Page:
After grade eight, I left school.

I didn’t drop out of school; I switched to homeschooling, and I stayed there until university.

I’ve sort of touched on this already, I know. At some point in this 365-day blogging project, maybe I’ll find a way to explain junior high and why I left with some sort of eloquence. For now, I’ll say this: I was tortured, tormented, and taunted on a daily basis until I was scared to go to school. I became sick. With fear? Depression? Both? Probably. I ended up skipping the last 2-3 months of grade eight and being escorted by both my mom and a teacher to and from each of my final exams to ensure that I’d be safe.

In a nutshell, junior high was awesome.

But that’s not the point. The point is I home-schooled. I spent grades 9-12 either in front of my computer doing online courses or hunched over books doing distance learning style courses. It took a lot of self-initiative, because I would only meet with a teacher at my school’s main office if I needed serious help. Aside that that, I was on my own.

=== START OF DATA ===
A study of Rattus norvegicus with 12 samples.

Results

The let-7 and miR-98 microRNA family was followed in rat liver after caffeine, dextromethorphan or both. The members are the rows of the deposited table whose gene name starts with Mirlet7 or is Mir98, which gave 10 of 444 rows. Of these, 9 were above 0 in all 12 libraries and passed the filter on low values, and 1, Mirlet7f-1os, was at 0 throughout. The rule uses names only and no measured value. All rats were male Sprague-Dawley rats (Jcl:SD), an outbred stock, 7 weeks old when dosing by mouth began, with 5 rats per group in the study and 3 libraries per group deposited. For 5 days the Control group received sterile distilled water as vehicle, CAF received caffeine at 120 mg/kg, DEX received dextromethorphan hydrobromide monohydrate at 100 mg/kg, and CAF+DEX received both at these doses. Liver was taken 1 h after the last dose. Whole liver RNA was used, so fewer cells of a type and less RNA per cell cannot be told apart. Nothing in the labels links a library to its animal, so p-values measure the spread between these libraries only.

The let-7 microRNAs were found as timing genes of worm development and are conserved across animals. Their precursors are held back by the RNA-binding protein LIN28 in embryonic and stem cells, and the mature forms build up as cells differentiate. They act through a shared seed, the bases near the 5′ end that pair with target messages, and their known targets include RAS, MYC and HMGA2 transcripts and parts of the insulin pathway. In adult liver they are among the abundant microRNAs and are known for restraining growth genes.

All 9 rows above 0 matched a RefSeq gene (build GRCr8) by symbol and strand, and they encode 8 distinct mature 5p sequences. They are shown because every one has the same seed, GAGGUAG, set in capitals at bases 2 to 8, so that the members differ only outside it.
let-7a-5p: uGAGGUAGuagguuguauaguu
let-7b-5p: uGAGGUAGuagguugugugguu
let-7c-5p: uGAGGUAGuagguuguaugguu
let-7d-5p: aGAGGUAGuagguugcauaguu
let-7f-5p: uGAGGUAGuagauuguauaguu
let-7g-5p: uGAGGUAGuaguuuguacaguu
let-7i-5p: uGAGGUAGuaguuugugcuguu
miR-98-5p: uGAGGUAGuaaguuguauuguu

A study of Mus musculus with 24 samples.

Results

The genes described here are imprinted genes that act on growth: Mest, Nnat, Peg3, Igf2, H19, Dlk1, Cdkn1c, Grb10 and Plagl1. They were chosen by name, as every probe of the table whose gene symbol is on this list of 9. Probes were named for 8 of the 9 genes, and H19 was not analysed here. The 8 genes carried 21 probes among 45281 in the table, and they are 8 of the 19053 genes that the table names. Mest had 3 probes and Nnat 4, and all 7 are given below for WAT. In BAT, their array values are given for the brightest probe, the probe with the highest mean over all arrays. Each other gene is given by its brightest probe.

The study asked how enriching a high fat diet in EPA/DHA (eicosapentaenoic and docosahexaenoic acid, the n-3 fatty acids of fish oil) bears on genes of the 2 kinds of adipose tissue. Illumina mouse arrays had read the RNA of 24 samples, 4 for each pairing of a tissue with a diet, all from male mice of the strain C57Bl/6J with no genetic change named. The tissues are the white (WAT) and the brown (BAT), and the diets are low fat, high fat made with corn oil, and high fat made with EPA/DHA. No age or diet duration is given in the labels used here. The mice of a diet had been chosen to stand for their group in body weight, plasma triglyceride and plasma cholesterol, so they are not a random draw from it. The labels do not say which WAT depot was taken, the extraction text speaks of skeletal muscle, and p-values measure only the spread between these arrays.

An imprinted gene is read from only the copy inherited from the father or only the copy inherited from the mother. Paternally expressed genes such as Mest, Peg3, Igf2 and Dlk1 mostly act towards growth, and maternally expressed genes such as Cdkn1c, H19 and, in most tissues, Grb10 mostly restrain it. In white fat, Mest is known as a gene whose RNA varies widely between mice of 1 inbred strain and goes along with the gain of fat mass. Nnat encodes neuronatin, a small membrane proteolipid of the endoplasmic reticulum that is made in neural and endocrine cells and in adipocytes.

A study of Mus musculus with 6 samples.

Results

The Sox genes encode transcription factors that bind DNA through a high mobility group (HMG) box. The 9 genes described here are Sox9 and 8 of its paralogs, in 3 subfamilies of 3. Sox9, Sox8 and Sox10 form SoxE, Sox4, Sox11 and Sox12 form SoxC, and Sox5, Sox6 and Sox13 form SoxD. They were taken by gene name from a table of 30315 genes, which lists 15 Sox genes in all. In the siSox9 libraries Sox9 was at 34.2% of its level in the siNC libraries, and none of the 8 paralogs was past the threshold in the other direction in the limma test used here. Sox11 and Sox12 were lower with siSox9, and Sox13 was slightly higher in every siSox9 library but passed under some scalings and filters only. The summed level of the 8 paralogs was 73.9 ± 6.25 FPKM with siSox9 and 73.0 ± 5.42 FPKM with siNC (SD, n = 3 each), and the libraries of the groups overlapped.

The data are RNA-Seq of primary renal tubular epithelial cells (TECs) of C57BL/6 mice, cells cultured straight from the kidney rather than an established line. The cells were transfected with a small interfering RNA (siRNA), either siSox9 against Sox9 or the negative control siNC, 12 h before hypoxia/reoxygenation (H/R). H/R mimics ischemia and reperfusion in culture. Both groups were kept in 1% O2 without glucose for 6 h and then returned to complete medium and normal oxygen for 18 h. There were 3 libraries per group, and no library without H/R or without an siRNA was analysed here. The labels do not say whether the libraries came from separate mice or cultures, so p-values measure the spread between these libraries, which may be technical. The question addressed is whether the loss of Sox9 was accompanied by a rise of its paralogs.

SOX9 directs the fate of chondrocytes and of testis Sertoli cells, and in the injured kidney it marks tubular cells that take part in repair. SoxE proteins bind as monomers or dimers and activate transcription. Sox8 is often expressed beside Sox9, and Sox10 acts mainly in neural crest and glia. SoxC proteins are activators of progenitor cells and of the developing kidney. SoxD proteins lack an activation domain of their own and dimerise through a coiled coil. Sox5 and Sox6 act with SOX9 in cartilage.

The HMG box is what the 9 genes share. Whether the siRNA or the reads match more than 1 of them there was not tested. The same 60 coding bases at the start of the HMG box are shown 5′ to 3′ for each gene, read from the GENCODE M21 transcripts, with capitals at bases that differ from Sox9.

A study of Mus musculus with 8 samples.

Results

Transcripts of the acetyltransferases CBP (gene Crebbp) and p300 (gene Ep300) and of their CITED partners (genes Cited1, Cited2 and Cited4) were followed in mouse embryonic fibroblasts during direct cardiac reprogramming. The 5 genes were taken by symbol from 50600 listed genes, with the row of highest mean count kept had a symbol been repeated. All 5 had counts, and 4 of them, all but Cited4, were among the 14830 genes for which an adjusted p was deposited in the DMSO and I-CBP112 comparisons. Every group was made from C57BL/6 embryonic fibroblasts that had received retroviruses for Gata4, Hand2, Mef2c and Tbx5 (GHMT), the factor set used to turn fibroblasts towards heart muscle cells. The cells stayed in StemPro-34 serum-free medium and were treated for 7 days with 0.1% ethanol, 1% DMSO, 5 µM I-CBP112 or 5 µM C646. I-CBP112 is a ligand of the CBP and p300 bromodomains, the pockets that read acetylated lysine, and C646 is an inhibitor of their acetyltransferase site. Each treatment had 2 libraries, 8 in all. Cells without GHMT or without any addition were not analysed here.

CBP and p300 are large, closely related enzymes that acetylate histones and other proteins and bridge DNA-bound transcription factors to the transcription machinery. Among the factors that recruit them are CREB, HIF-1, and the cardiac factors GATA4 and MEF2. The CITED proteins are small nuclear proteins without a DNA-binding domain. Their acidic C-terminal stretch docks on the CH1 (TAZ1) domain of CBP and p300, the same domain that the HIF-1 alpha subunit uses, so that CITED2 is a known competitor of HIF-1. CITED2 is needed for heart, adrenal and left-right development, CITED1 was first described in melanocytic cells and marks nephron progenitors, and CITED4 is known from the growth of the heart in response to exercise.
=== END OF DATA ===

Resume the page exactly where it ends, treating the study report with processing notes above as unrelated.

So I was on my own a lot.

I spent a lot of time on the internet, which was basically the only place I made friends. Some of those friendships were brief, and some of them were lasting. Okay, one of them was lasting. Here’s a shot of my girl Meredith and I when she came to visit me back in the day. I was 16, and she was 17:


Hi, Mere! I’m happy we’re still in friend-love!

Here’s what I realized, though: while I geeked out on the internet, other people went to high school. They had all those quintessential high school moments, like dances, and boyfriends and girlfriends, and track meets or whatever, and I was at home, on message boards for bands I liked. Oh, and grad! Epic, epic grad!

But wait a second – did they?

Guys, in my mind, high school is just like in the movies/TV. It’s just like Freaks and Geeks, Heathers, Clueless, Mean Girls, The Breakfast Club, and Grease. 

And I’ve learned over the last little while that no matter what you tell me about how high school really was, I will never believe you. It’s engrained.

Movies and TV took over a part of my memory.

The Breakfast Club

Please tell me I’m not alone. I feel really weird about it.